The Richland Public Facilities District Board on Wednesday discussed a draft business plan that could have its signature project -- the Hanford Reach Interpretive Center -- opening in early 2014.
The six-year plan, known as a pro forma, outlines financial scenarios for the museum based on assumptions about its operations, including projected attendance numbers.
The plan anticipates 65,000 visitors per year to the 61,000-square-foot interpretive center, which is intended to tell the story of the region's geology, flora, fauna and history, from the tribes that once inhabited the Mid-Columbia to Hanford's legacy.
The project has been in the works since 2002, with officials breaking ground on the first phase of construction just a week ago.
The plan anticipates overall construction -- from the first phase involving a road and utilities to the completion of the museum in the second phase -- to last about two years from the time shovels hit dirt.
Officials expect to advertise for bids for phase one in November, with activity likely starting in December or January.
Part of the discussion Wednesday focused on the assumptions about ticket prices, and whether the proposed $7 admission adult admission was too low.
Board Vice President Fred Raab suggested that an $8 fee for adults would be comparable to other regional museums such as the Columbia Gorge Discovery Center in The Dalles, which charges $8 for adults, $7 for seniors and $4 for children ages 6 to 16. Children 5 and under would be free.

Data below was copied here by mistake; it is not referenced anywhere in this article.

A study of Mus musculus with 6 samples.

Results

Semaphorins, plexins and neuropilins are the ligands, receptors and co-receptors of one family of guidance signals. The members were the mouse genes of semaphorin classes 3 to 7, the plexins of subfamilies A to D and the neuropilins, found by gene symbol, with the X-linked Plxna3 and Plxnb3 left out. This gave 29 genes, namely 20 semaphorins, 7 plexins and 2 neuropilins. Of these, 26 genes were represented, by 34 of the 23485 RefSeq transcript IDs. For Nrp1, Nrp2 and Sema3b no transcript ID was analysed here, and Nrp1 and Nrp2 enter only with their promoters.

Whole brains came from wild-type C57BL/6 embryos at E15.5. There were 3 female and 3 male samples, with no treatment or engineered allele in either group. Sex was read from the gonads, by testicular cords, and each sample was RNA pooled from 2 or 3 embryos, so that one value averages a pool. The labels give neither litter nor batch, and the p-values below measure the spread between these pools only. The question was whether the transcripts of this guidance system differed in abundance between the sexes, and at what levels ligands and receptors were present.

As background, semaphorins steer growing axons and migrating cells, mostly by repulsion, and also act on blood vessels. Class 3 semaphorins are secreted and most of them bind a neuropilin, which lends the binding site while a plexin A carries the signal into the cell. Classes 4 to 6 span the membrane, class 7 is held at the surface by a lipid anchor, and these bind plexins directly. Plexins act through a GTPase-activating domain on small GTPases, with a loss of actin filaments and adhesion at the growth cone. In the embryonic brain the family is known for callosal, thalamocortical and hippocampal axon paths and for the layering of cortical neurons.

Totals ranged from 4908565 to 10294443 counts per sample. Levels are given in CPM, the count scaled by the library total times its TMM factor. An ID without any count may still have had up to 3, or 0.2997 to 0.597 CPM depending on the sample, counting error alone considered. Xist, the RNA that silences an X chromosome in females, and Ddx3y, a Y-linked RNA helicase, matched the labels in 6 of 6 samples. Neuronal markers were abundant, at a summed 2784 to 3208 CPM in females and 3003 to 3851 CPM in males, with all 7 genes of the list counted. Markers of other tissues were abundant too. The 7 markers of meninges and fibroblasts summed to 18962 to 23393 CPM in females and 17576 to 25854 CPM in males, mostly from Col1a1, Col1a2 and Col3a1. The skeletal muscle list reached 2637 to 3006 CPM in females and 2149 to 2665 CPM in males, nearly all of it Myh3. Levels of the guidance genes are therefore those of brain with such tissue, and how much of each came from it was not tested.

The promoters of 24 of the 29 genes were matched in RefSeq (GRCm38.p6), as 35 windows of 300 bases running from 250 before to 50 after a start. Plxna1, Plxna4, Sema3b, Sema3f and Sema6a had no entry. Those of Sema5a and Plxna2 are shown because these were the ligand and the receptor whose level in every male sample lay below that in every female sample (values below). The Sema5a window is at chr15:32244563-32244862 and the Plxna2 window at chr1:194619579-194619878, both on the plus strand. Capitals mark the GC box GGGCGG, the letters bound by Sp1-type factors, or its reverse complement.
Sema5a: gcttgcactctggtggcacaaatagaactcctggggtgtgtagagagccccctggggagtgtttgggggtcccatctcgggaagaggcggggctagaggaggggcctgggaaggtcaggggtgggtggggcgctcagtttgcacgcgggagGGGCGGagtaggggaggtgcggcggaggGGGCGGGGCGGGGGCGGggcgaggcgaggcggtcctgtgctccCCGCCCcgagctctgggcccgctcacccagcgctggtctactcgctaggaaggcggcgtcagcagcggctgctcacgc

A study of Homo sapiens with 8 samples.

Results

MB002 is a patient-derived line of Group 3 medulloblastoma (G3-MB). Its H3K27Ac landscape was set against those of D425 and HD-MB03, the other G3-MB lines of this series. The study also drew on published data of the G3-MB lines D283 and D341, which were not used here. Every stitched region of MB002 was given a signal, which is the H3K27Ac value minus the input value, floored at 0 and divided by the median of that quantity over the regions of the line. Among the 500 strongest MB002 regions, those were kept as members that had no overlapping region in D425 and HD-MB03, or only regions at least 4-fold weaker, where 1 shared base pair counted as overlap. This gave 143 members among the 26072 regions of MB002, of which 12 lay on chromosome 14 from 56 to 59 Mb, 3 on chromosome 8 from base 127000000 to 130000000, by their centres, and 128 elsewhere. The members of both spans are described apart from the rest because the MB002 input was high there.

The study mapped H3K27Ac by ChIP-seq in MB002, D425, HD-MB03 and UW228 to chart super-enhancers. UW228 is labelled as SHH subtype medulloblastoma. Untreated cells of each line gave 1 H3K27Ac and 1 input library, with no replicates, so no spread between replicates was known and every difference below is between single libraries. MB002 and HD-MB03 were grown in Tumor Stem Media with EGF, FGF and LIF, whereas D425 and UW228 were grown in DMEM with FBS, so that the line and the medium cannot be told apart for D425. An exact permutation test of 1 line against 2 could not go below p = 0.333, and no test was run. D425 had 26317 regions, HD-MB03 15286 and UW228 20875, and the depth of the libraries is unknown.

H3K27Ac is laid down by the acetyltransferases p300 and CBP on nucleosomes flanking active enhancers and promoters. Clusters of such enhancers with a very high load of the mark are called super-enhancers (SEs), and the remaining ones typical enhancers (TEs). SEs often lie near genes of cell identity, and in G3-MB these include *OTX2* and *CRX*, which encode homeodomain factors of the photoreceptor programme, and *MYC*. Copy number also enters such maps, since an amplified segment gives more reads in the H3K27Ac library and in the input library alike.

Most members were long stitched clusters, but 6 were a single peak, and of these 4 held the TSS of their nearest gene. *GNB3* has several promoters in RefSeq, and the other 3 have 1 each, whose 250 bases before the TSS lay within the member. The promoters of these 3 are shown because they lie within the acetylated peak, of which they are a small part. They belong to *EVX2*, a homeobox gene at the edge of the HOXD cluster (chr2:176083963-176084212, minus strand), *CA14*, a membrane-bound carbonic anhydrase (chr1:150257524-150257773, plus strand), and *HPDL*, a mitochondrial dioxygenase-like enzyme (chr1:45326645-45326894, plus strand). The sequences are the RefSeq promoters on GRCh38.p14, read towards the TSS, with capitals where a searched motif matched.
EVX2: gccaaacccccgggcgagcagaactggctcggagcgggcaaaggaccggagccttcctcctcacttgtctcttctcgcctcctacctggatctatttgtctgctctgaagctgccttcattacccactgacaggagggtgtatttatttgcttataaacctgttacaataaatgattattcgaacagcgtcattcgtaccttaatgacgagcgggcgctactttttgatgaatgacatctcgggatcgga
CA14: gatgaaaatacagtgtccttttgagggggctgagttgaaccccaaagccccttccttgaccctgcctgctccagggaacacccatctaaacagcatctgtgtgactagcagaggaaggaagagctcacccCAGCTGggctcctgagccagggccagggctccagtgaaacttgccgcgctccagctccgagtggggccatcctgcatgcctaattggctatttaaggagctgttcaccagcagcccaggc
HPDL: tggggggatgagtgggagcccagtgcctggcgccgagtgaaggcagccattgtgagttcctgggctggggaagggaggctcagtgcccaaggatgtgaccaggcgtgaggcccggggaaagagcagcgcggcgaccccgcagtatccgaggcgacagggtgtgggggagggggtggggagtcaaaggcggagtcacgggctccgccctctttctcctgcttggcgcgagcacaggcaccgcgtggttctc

The proposed admission for the Reach in the draft pro forma is $7 for adults and $5 for seniors or students.
A footnote in the pro forma suggests the rate could be raised if attendance falls short of projections, but Raab said it should perhaps go the other way around and admission should start slightly higher and go down if attendance is low.
He noted that a previous survey showed people expected to pay about $10 to enter the Reach.
No action was taken on the pro forma Wednesday.
Also Wednesday, the board had a closed door discussion about an agreement between the facilities district and the city of Richland about a contingency fund designed as sort of an insurance policy for the city in case the project can't be completed and the city has to take measures to restore the land in the west end of Columbia Park to its natural state, as the city's lease with the Army Corps of Engineers requires.
The Richland Public Facilities District, the public agency overseeing the museum's development, is required to put $1 million into the fund, although the city council recently began discussions about making a contribution from the city.
The board went into the closed meeting to hear advice from its attorney, John Herrig of Kennewick, about possible financial risks associated with the agreement.
Board member Rick Jansons said he would prefer to delay the discussion until the board's next meeting later this month as he first received the draft agreement at the start of Wednesday's meeting and had no time to read it beforehand.
But consensus of other board members was that it wasn't necessary to read the agreement first to hear Herrig's advice.
No action was taken on the agreement.